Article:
After I couldn't get Redhat up and running on my new computer at work, I was given an old computer with Debian on it. The machine's not bad, but I'm reasonably certain that the new box would have left it in the dust -- if Linux could have been installed on it. Still, I have a box and I'm getting my work done, so no complaints. Yesterday, one of my coworkers asked me how I liked Debian and all I could do is shrug. An OS is an OS, right? Heck, I would have worked with Windows if they told me to. I'm here to do a job. I chose Linux because I wanted to learn it better.
The only significant difference between Debian and Redhat that I can see is Debian's apt-get appears to blow rpm out of the water. With Redhat, I'm constantly searching for the next dependency that I don't have (maybe that's just my ignorance, though). With Debian, it just worked. If it finds unsatisfied dependencies, it asks me if I want them installed -- just like the CPANPLUS shell. Very comfortable.
As for Window managers, I shrug at the difference between Gnome and KDE. I use KDE because I know it. I've used Gnome and while I notice a few differences, given the sort of things that I tend to use a computer for, it's all window dressing (if you'll pardon the pun). For me, one window manager is as good as another. In fact, the only reason why I prefer the Linux window managers over Windows is their ease of customization. Personally, I think this is a huge psychological advantage. Unless Microsoft has done some radically different things with the latest Windows, Linux window managers still dominates in the themes area. Given that so much of the populace is attracted to shiny things, this is a great benefit. I've had plenty of "Windows only" friends ooh and aah at my box just because I've had funky borders on my windows.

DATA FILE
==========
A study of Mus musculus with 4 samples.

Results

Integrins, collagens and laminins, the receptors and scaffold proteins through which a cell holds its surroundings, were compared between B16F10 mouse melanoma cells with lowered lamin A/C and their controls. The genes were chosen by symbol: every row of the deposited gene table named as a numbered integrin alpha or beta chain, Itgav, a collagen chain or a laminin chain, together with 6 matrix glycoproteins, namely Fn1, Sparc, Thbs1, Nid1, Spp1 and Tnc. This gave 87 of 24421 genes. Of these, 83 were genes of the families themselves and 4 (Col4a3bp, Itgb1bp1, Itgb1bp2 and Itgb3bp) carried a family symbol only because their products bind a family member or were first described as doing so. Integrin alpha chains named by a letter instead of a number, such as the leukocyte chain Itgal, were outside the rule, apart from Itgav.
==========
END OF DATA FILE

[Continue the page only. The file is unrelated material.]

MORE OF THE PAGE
Yesterday changed things, though. I achieved Nirvana. Well, Enlightenment, anyway. This is an incredibly cool Window manager. Unfortunately, like so many other things in the Linux world, I can't say much about it other than "it's cool". It has abandoned much of the "let's copy everyone else's look and feel" approach and gives you a virtually empty desktop. This can be very intimidating to newbies, and I honestly can't think of any defense of it other than "it's cool", but that gets very repetitive after a while. This seems to be something that gets geek types very excited, but I would be hardpressed to recommend this for a general desktop environment.
The only annoyance I had with Enlightenment (given that I only used it for a short time) was not with Enlightenment, but with Redhat. On my Debian box, it just installed and I ran it. On my Redhat box, it's not so simple.
[root@ovid enlightenment]# rpm -ivh enlightenment-0.16.5-1.i386.rpm
error: Failed dependencies:
fnlib >= 0.5 is needed by enlightenment-0.16.5-1
libFnlib.so.0 is needed by enlightenment-0.16.5-1
libImlib.so.1 is needed by enlightenment-0.16.5-1
Trying to satisfy those dependencies has left me with plenty of "foo installed from bar conflicts with baz". I'll have to try later. In the meantime, I do kind of long for the simplicity of Windows. At least with Windows, things that I installed just worked. Yes, they often came to a crashing halt later, but I still never had this level of problems. Of course I'll keep plugging away with Linux, but I do look forward to not being such a newbie and getting past these issues.